If you thought our health care system was in need of a fix, get ready for an even bigger crisis — insufficient retirement savings.
As we approach 2011, the year that the first baby boomers are scheduled to start retiring, we are discovering that most won't be able to afford to give up their jobs.
Why is there a crisis? The only retirement savings for the 80% of Americans in the private sector are the assets in their 401(k) plans.
Because the typical rate of employer contributions to 401(k) plans is a stingy 3% of pay, the average American household head between 62 and 65 has a nest egg of only about $110,000.
That is the sum of the median 401(k) account balance and the median rollover IRA balance — or less than twice the median annual salary of $61,600 for that age group. This average American nest egg of two times "final pay" is just one-fifth the sum recommended by many pension actuaries in calculating a defined benefit pension.
What this means, unfortunately, is that our nation's de facto retirement program, the defined contribution pension, is nowhere near able to provide the retirement income that boomers will need. Ironically, the U.S. mutual fund industry, whose products constitute the bulk of 401(k) assets, doesn't measure retirement readiness.
Although the Investment Company Institute of Washington regularly reports assets under management at its member firms, it neglects to inquire whether the assets of 401(k) participants are on track.
The sad truth is that retirement assets are inadequate — largely because most people don't start saving when they enter the work force. Instead, they postpone retirement planning and serious retirement saving until they are near retirement age.
Financial advisers must deal with the consequences of this "I'll worry about retirement tomorrow" mentality, and playing catchup is difficult. Many in the financial planning community should be lauded for refusing to sell their middle-age clients high-fee annuities.
But other investment choices have drawbacks, too.
Should late-starting savers go heavily into equities? Over the long haul, of course, stocks beat fixed-income investments hands down.
But over the short haul, a high stock allocation can be hazardous to your wealth. Believe it or not, the Standard & Poor's 500 stock index performed almost as poorly over the past eight years, gaining 1.1% annually, on average, as it did during the eight years following the Crash of 1929, when it gained 0.9% annually, on average.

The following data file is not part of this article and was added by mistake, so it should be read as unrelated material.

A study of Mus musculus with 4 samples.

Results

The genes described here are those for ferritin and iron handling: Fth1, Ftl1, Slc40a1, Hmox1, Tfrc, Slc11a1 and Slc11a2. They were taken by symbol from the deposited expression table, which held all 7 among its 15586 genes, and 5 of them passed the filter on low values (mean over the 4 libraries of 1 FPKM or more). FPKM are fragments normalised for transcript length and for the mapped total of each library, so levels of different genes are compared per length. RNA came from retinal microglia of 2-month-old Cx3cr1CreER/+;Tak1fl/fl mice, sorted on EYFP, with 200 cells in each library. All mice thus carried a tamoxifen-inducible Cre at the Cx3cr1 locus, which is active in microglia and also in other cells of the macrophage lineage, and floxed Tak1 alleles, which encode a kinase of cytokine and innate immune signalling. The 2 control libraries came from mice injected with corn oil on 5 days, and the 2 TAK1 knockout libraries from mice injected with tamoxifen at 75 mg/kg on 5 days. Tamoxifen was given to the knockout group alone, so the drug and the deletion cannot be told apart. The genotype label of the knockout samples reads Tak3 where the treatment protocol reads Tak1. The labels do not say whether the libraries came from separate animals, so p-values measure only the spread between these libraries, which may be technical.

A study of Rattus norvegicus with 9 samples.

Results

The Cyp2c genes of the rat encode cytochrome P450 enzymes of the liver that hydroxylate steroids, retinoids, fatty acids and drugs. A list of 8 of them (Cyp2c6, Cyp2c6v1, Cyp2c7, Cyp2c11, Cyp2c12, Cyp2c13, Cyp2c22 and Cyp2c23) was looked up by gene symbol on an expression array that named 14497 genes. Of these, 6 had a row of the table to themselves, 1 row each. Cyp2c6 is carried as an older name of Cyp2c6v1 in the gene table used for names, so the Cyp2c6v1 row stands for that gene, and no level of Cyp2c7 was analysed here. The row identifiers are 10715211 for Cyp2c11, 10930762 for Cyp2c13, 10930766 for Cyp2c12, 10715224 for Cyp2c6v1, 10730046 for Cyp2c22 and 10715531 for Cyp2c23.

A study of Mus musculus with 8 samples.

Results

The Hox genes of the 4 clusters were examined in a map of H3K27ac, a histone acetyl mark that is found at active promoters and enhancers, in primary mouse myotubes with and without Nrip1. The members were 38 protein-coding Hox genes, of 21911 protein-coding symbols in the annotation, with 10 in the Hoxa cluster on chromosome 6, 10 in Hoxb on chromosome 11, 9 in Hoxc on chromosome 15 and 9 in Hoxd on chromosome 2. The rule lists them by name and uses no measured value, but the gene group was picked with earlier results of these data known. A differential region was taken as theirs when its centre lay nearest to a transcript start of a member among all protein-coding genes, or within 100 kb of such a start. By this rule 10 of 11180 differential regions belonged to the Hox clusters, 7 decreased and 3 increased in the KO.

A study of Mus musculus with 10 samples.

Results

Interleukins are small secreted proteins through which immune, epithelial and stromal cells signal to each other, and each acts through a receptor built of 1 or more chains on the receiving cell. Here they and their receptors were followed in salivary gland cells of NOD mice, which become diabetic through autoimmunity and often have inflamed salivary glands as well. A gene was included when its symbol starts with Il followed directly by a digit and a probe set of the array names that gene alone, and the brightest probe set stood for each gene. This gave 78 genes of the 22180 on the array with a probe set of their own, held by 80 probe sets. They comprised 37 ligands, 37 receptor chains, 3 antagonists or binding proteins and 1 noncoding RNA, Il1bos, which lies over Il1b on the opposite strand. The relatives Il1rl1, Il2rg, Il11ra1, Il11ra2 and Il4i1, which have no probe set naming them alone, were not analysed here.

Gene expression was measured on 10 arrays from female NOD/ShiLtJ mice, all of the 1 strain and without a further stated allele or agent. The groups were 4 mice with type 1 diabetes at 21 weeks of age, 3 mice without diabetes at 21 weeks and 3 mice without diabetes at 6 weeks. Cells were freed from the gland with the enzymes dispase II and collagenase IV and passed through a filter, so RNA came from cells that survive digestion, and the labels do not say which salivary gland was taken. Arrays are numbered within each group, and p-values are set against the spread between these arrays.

The inconvenient truth that most investors in their 40s and 50s need to hear is that no investment product can make up for decades of little or no saving. That is why baby boomers must stay in the "accumulation phase" until they have achieved a minimum of 10 times their final salary.
For our average pre-retiree earner of $61,600, that means a nest egg of $616,000.
While advisory clients typically have more wealth than that, most Americans don't — which means delaying retirement until age 75 or having a stay-at-home spouse work full time for several years and saving the entire paycheck. (And don't get me started on the ridiculously low limits on individual retirement accounts that make it impossible to save adequately in tax-qualified accounts.)
What's more, advisory clients with a 401(k) plan, but little outside savings, could be in greater jeopardy than those with lower income who have DB pensions.
To help find a way out of the savings shortfall, I developed formulas for suggested contribution rates with the input of pension actuary James E. Turpin., and presented the results to the 2007 ERISA Advisory Council's Working Group on Financial Literacy and the Role of the Employer. I found that participants who start contributing at age 25 must contribute 10% of salary; waiting until age 35 increases the contribution rate to more than 17%.
By age 40, the rate is more than 23% and, at 50, it is 48%. Needless to say, these requirements demonstrate the utter inadequacy and foolishness of the current $15,500 limit on 401(k) contributions and the $5,000 "catch-up" permitted for those over age 50.
The best fix for America's 401(k) system is to adopt the Australian system, which mandates a 9% contribution rate by employers. Until that happens, the entire financial community should be obliged to disclose that the only solution to the retirement shortfall is to keep working.
Jane White is president of Madison, N.J.-based Retirement Solutions LLC, an educational organization dedicated to the retirement adequacy of 401(k) participants.
For archived columns, go to investmentnews.com/retirementwatch.